Knowing a crisis when he sees one, Donald Trump gave a speech in Missouri today promising to lower corporate tax rates, “simplify” the tax code, and otherwise give hope to desperate 1 percenters who are drowning in cash.
He didn’t give many details, but a recent analysis by the Tax Policy Center found that the plan outlined in Trump’s skimpy April tax proposal/high school freshman essay on supply-side economics would benefit the top 0.1 percent 23,500 times more than those earning less than $25,000 per year. Those in the former category would get an average tax cut of $937,000, while the schmucks making less than $25,000 would get around 40 bucks (which in Trump’s world is actually three times more than they need to buy health insurance). Oh, and it would also reduce federal revenues by as much as $7.8 billion over the next 10 years.
Trump began his speech by offering prayers to the victims of Hurricane Harvey before getting right to his plan for fucking them over.
It’s an uncomfortable segue in any case, but when your big tax speech involves crippling the government’s ability to respond to devastating hurricanes, and the guy trying to stick the landing has the empathy of an eye-burrowing parasite, it’s that much more awkward.
But what about the substance of Trump’s speech? Let's take a look:
1) Do tax breaks for the wealthy rescue the economy and pay for themselves? No. No, they don’t. How do we know? Eight years of George W. Bush, whom Republicans choose to remember as a gifted amateur painter who was also briefly president. Bush was the biggest tax-cut zealot in the history of our country, and even his own Treasury Department didn’t believe tax cuts pay for themselves.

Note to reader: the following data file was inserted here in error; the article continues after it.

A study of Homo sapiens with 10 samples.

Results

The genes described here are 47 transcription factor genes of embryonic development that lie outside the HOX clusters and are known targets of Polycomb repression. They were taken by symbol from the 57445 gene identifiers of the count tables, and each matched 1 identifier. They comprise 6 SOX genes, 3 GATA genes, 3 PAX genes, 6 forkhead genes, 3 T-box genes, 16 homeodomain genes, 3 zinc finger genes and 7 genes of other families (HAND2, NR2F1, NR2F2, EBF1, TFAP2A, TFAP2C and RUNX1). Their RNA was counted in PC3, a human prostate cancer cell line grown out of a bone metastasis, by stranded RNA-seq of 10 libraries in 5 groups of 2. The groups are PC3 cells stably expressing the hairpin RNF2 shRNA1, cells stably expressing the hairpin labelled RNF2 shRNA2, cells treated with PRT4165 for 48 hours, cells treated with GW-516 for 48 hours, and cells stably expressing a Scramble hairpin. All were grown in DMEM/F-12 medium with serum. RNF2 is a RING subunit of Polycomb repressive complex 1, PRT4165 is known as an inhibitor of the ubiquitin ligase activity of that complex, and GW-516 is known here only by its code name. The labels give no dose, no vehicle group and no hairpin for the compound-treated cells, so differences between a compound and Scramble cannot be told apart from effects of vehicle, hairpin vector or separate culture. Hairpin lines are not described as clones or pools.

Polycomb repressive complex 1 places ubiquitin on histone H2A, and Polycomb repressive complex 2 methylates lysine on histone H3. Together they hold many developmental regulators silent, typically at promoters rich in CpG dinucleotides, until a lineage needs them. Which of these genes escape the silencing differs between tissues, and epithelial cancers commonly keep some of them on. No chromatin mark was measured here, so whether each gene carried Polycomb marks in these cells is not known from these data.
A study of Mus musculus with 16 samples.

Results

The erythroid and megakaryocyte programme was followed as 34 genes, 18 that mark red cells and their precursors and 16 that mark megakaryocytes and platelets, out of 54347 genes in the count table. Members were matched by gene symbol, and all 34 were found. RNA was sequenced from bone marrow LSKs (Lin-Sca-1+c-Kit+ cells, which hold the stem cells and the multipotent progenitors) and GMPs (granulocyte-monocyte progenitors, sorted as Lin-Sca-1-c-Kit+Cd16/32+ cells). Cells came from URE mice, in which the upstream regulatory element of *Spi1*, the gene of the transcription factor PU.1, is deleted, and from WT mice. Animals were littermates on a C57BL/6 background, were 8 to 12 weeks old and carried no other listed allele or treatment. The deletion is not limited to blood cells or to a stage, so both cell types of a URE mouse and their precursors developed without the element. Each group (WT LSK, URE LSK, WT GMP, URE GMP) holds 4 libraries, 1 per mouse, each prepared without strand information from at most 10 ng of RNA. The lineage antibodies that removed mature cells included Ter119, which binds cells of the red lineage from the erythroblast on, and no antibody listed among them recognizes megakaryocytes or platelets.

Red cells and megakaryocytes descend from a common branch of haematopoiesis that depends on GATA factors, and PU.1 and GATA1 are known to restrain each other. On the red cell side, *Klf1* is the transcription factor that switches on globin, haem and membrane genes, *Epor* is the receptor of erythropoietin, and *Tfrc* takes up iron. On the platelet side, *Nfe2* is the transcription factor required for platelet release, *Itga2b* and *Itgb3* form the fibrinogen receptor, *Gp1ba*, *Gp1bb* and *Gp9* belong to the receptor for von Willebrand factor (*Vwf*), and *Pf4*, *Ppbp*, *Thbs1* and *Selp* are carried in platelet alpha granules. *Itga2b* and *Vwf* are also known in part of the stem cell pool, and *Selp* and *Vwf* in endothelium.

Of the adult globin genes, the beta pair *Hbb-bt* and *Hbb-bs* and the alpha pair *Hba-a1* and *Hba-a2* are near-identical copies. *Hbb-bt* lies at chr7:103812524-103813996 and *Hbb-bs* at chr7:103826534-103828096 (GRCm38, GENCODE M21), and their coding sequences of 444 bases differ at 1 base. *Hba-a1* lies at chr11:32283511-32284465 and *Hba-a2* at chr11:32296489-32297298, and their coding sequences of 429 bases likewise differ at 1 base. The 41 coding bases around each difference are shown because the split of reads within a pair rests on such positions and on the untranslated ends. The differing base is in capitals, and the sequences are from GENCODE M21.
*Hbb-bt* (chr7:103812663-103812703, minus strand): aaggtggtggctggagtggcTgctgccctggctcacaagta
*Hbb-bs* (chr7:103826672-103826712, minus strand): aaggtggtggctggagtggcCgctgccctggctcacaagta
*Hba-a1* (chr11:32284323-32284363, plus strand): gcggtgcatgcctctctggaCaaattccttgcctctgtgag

2) Would a corporate tax cut boost job growth? No. In fact, just in time to respond to Trump’s new push for the same shit that has never worked, the Institute for Policy Studies issued a report testing the theory that lower tax rates incite corporations to spread the wealth and create jobs. (Trump has said he wants to lower the rate to 15 percent from 35 percent.)
The institute analyzed job creation among the 92 publicly held corporations that were able to pay a tax rate under 20 percent by exploiting loopholes.
The study’s conclusions? Corporations that pay such rates are more likely to slash jobs than they are to create them:
America’s 92 most consistently profitable tax-dodging firms registered median job growth of negative 1 percent between 2008 and 2016. The job growth rate over those same years among U.S. private sector firms as a whole: 6 percent.
More than half of the 92 tax-avoiders, 48 firms in all, eliminated jobs between 2008 and 2016, downsizing by a combined total of 483,000 positions.
Average CEO pay among the 92 firms rose 18 percent, to $13.4 million in real terms, between 2008 and 2016, compared to a 13 percent increase among S&P 500 CEOs. U.S. private sector worker pay increased by only 4 percent during this period.
CEOs at the 48 job-slashing companies within our 92-firm sample pocketed even larger paychecks. In 2016 they grabbed $14.9 million on average, 14 percent more than the $13.1 million for typical S&P 500 CEOs.
Many of the firms in our tax-dodging sample funneled their tax savings into stock buybacks, a financial maneuver that inflates the value of executive stock-based pay. On average, the top 10 job-cutters in our sample each spent $45 billion over the last nine years repurchasing their own stock, six times as much as the S&P 500 corporate average.
(Source: Institute for Policy Studies)
3) Would Donald Trump enrich himself and his friends through his tax plan? Of course he would. Why else would anyone want to be president? It’s like a 30-hour-a-week job.